President-elect Trump recently targeted General Motors Co. and Ford Motor Co. over trade issues, threatening to impose import taxes based on their overseas manufacturing. The retail and manufacturing industries responded quickly, condemning such measures and the resulting cost to American consumers. Trump has made numerous claims about overhauling U.S. trade policies, but what is the real potential for major change and how will it impact our local economy?
Trump vowed to renegotiate or terminate the North American Free Trade Agreement (NAFTA). Is this possible? Probably.
Though the President arguably can pull out of NAFTA without Congressional approval, the political and economic realities likely do not support such a unilateral move. If the U.S. did successfully withdraw, the agreement would remain in force between Mexico and Canada, leaving the U.S. as the outside man. Similarly, withdrawal without Congressional approval would release Mexico and Canada from obligations, leaving only the U.S. bound to the statutorily implemented NAFTA rules. U.S. companies could lose access to relied upon NAFTA dispute resolution mechanisms.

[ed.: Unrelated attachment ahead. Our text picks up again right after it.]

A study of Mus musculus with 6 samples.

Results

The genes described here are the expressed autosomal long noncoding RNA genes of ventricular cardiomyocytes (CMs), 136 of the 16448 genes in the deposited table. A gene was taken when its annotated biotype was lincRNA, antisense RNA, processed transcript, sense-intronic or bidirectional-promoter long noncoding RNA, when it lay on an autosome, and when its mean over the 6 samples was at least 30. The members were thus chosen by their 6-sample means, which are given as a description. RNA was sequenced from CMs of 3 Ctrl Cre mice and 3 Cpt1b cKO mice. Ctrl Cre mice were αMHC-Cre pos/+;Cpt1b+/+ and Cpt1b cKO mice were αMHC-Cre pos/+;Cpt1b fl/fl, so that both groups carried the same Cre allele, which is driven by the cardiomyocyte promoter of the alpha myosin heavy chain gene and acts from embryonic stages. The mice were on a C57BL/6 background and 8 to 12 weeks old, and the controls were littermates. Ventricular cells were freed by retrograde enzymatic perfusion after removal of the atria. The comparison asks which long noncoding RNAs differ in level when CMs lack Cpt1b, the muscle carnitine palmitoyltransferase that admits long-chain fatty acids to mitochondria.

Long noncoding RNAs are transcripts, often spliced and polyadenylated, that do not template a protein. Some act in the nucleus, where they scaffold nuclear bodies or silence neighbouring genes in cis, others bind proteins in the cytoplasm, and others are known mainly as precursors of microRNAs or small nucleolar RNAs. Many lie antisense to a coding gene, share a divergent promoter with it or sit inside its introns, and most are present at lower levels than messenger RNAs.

Moving forward, the U.S. and Canada could reestablish the Canada-United States Free Trade Agreement, but U.S.- Mexico trade relations would revert to World Trade Organization agreements and disproportionately increase duties between the U.S. and Mexico. Taxes on imported Mexican goods would increase only an average of about 3.5 percent, while tariffs on certain U.S. exports to Mexico could skyrocket to 36 percent.